Meat trade hits out at EU mince ban

Brussels officials should heed the science before banning British mince.

That was the message as representatives from the UK meat industry and food safety bodies met in London on Thursday (3 April) to work out how to convince the EU Commission not to ban one of the UK’s staple foods: high quality mince made from mature meat.

New European Food Hygiene regulations stipulate that minced meat must be prepared within no more than six days of slaughter.

The rules are designed to protect consumers of raw mince in the form of steak tartare, but disregard the British tradition of more mature meat, hung for up to 28 days, which is only eaten once it has been cooked.

Eating mince

Proposals for a UK derogation have so far been dismissed by Brussels.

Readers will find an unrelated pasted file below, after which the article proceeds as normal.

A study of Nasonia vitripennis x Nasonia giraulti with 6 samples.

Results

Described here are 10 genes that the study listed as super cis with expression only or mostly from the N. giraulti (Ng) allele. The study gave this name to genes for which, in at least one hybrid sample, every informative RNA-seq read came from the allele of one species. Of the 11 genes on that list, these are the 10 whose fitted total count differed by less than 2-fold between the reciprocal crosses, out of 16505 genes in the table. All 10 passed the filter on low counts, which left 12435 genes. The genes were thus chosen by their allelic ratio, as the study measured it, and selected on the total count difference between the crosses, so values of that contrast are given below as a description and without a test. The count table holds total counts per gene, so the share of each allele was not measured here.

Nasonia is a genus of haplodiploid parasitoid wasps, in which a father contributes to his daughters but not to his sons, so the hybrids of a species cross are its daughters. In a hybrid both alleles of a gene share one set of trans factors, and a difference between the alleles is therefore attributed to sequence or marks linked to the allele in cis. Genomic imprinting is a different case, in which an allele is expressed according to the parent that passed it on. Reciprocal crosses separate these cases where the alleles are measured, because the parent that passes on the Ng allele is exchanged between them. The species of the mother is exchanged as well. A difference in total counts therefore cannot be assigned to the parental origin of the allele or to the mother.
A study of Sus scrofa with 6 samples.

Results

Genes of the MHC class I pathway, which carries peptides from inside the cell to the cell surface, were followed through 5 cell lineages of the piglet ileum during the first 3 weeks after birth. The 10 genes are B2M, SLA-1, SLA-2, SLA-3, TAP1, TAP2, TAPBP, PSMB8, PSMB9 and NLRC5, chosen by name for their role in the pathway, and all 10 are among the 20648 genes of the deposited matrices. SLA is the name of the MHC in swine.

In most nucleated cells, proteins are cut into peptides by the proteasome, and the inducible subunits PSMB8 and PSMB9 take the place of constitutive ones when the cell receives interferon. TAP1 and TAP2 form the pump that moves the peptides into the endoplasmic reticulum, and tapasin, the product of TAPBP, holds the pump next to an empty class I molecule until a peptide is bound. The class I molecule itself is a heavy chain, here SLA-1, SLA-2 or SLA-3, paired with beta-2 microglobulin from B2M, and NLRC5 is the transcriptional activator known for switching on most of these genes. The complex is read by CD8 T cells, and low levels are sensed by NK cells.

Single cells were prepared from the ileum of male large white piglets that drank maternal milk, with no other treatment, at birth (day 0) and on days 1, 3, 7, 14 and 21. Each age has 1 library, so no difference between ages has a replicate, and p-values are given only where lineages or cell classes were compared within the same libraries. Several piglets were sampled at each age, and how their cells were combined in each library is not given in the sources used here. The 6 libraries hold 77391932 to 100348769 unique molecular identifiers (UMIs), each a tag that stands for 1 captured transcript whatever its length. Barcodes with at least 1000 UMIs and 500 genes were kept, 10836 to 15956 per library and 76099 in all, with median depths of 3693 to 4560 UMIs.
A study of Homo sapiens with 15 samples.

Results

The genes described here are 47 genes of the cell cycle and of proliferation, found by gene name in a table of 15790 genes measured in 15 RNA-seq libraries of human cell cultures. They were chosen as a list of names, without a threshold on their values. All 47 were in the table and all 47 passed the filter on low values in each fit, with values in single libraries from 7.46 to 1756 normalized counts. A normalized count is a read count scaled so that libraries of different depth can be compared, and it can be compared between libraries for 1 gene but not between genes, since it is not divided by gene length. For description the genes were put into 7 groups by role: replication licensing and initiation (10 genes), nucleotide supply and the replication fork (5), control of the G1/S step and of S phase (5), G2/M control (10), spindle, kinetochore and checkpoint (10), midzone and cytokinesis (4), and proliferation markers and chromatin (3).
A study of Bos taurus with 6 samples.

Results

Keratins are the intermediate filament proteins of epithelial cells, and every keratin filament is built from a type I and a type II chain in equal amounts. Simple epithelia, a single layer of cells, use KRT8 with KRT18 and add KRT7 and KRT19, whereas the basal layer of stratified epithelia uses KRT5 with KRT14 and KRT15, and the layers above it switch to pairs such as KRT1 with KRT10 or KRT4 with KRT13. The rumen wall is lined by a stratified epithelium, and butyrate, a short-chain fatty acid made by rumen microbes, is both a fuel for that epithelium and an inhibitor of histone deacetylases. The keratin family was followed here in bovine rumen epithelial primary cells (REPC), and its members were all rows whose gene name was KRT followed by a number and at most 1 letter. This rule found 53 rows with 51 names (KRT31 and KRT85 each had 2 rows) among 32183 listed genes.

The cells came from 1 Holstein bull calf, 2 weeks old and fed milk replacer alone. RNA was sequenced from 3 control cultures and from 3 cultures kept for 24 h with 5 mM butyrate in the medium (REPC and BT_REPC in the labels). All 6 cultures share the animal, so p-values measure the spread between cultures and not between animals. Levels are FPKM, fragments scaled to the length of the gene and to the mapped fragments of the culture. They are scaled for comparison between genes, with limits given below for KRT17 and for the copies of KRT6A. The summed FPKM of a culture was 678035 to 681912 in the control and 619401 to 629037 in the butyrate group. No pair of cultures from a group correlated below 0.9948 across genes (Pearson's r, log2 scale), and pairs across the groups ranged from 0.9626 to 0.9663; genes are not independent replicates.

Speaking after the meeting, NFU Scotland livestock policy manager, Penny Johnston said: “We have the backing of the Food Standards Agency (FSA) that our mince is safe to eat and those present at the meeting agreed that we should gather and present to the EU Commission scientific evidence proving that is the case.

“We shall follow this up with an official submission from the FSA. It appears we have European backing, notably from the European Meat and Livestock Trading Union, which should strengthen our hand.

“Former EU health commissioner, Markos Kyprianou, who presided over the regulations, is likely to be replaced by Androula Vassiliou who, in her official hearing with MEPs, said she would produce legislation based on the best scientific advice.

“We hope very much that she makes good her word to do this and allow the people of Scotland to carry on making stovies and mince and tatties as they have done since time immemorial.”